Rea Vaya gathering speed

The new bus rapid transport station at
Joubert Park signals the start of a
revolutionised public transport system for
long-suffering Johannesburg residents.

(Image: Rea Vaya)

Janine Erasmus

Executive Mayor of Johannesburg Amos Masondo and Minister of Transport Jeff Radebe revealed the prototype station of the city’s much-anticipated bus rapid transport (BRT) system at a ceremony in November 2008. The station is located in Joubert Park, close to Johannesburg’s present train station.

While the Joubert Park station was built on-site from scratch, subsequent stations will be constructed in a modular fashion at a central point and assembled on-site. The modular design was created with the input of many different interest groups and is considered a cost-effective and streamlined approach to station construction.

Meanwhile, the prototype station will undergo extensive testing by representatives from both the city and the public, including the disabled, and any necessary refinements to the design will be made as they are needed.

“The BRT system is crucial to the success of South Africa’s transport system,” said Radebe. “Without a good bus service that is accessible, affordable and attractive to a broad range of people across society, local transport simply cannot work.”

Gathering speed

The R2-billion ($206 000) Rea Vaya (Sotho, “we are moving”) project is gathering speed. City authorities have also just signed a memorandum of agreement with bus and taxi operators, who currently make up the bulk of public transport options. Their co-operation is vital to the timeous and successful implementation of the BRT system, said Masondo. Rea Vaya will also interface with the Metrorail system of trains.

The innovative BRT system aims to reduce traffic congestion, a major bugbear of Johannesburg drivers, by achieving a 70:30 ratio of public transport versus private transport before 2010.

The first phase will see a host of articulated buses traversing dedicated bus lanes in the centre of roads around town. With 150 stations, eight terminals and six depots on the cards and a total distance of 122km covered, Johannesburg residents can look forward to the start of substantially reduced journey times and stress-free commuting within six months. Phase 1 is expected to be fully complete by 2013.

The entire Rea Vaya system will cover some 330km of Johannesburg roads and will not only contribute to a more satisfactory commuting experience for the city’s residents but will also have been responsible for the creation of numerous jobs. City authorities expect 29 000 new jobs to be created in the first phase alone.

The system is also the single largest green project ever undertaken by the City of Johannesburg. It is estimated that if just 15% of regular car users who live in the vicinity of Rea Vaya switch to the BRT, the city will achieve a saving of 382 940 tons of carbon dioxide by 2010 and 1.6-million tons by 2020.

Phasing it in

The first phase of Rea Vaya features two sub-phases, 1A and 1B. Phase 1A, comprising 48 stations along 40km, will come into operation just ahead of the Fifa Confederations Cup in June 2009. Phase 1B with a further 102 stations along 86km, will complete the first stage in time for the Fifa World Cup in 2010.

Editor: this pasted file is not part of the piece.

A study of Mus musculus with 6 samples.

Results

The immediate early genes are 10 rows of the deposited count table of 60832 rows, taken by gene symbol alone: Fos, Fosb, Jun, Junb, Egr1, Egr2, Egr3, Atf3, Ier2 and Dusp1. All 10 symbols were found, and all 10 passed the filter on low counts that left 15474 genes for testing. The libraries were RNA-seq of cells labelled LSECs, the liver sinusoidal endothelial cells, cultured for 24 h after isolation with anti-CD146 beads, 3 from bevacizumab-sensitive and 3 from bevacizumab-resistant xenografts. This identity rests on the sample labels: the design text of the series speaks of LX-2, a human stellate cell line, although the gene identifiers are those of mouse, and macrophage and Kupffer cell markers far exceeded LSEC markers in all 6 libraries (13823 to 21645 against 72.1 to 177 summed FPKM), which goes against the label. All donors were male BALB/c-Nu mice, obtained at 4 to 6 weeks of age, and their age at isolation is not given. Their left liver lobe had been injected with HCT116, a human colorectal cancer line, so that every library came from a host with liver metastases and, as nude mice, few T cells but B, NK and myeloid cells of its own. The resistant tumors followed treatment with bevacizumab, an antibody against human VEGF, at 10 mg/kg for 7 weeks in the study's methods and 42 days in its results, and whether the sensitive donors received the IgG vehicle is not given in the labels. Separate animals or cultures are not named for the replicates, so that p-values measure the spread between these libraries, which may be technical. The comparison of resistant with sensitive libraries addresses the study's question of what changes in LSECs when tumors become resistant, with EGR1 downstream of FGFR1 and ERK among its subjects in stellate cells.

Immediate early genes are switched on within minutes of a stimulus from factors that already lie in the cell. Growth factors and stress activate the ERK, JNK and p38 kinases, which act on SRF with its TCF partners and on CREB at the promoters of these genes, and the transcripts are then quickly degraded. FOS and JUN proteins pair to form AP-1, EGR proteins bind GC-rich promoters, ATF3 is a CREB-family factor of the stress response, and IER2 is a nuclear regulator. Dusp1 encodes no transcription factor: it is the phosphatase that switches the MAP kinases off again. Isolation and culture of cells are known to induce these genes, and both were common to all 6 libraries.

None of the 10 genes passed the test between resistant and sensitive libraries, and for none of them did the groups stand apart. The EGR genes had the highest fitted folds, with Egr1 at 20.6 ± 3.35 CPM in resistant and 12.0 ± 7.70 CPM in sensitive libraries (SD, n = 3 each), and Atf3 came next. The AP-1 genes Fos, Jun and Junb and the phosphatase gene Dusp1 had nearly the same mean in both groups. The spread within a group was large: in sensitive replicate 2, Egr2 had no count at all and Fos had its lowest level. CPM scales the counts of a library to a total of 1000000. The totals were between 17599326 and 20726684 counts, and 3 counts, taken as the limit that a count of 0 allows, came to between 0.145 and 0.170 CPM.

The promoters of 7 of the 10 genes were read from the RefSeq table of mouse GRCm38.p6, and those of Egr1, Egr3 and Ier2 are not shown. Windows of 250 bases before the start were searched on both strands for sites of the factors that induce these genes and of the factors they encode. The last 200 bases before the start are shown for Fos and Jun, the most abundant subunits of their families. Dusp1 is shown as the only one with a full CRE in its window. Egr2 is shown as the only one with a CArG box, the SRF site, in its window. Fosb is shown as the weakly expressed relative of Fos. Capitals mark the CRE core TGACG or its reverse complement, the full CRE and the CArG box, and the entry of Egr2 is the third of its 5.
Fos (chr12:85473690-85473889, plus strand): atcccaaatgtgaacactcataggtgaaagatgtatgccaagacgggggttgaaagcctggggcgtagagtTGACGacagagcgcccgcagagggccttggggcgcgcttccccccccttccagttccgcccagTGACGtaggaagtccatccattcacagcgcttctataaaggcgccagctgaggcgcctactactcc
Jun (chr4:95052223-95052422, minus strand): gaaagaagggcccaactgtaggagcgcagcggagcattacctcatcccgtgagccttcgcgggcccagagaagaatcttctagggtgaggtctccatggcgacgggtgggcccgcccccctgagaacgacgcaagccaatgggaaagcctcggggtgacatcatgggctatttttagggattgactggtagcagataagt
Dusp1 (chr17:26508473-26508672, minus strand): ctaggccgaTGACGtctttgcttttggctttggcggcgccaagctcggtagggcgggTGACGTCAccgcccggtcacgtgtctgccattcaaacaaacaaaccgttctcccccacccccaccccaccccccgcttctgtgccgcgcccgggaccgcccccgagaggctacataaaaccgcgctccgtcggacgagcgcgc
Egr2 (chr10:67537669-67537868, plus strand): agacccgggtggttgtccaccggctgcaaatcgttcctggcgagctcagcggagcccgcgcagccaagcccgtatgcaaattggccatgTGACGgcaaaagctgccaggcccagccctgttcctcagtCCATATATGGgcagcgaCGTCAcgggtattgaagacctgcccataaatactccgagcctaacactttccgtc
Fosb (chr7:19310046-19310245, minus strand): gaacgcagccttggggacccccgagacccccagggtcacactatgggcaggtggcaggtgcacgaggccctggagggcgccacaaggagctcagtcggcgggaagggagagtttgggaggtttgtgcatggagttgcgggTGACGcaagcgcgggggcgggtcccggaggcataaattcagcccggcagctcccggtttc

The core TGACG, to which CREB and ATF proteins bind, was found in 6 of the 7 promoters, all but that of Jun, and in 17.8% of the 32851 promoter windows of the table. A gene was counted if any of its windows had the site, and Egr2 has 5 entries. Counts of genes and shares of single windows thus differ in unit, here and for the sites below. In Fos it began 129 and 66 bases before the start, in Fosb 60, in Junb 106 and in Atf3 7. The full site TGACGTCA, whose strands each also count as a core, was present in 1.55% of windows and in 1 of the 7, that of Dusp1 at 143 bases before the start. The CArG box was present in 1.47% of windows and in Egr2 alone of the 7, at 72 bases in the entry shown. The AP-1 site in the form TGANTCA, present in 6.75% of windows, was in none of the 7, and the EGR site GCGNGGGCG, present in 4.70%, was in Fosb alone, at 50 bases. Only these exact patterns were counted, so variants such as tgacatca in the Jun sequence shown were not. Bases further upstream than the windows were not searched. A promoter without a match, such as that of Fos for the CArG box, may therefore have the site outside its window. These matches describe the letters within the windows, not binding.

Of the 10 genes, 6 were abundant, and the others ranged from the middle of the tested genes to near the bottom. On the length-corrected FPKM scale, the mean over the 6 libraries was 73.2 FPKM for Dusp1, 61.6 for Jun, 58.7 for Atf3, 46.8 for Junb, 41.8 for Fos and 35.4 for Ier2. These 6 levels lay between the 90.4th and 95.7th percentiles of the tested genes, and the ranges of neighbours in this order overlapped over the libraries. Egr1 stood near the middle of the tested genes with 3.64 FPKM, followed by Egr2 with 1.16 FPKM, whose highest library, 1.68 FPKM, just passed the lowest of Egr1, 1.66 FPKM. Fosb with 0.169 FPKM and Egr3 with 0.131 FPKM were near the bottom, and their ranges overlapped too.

Operating on the same principles as the Cape Town system, which is also in its first phase of development, Johannesburg’s BRT system will feature a network of trunk, feeder and complementary routes serviced by a fleet of 427 22m-long trunk buses, 413 feeder buses and 350 complementary buses.

Stations are planned at regular intervals so that passengers won’t have to walk more than a few hundred metres along the route to reach any point of embarkation. The stations will incorporate smart card technology to collect fares before boarding, thus eliminating the possibility of delays as well as the need to carry cash. They will also be closely monitored with closed-circuit television, amongst other security measures.

During the operating hours of 5am and midnight buses will arrive at intervals of not more than three minutes in peak time, and at 10-minute intervals during quieter times. The system is expected to carry over 400 000 passengers daily, alleviating the congestion and accompanying stress experienced every day on the city’s busy roads and contributing to a better quality of life for Johannesburg residents.

All major locations in the city will be serviced and residents even in outlying residential areas such as Randburg, Dobsonville, Alexandra and Lenasia will be pleased to know that they have not been neglected. An inner-city circular route is also on the itinerary. The BRT network will connect with the Gautrain at Park Station.

The north to south Rea Vaya route, currently in the design phase, runs from Regina Mundi Catholic church in Soweto to the business suburb of Parktown. Another north to south route connects Parktown with Sunninghill north of Johannesburg.

Public participation

The look and feel of buses will be decided on only after an extensive public participation process, currently underway.

Trunk buses will be able to accommodate up to 112 passengers and will travel exclusively along the dedicated bus lanes, stopping only at Rea Vaya stations. Complimentary buses will have a capacity of 75 passengers and will operate along the bus lanes but will also be able to stop beside the pavement. Feeder buses, on the other hand, will carry 32 passengers and will not drive on the bus lanes at all but will use regular roads.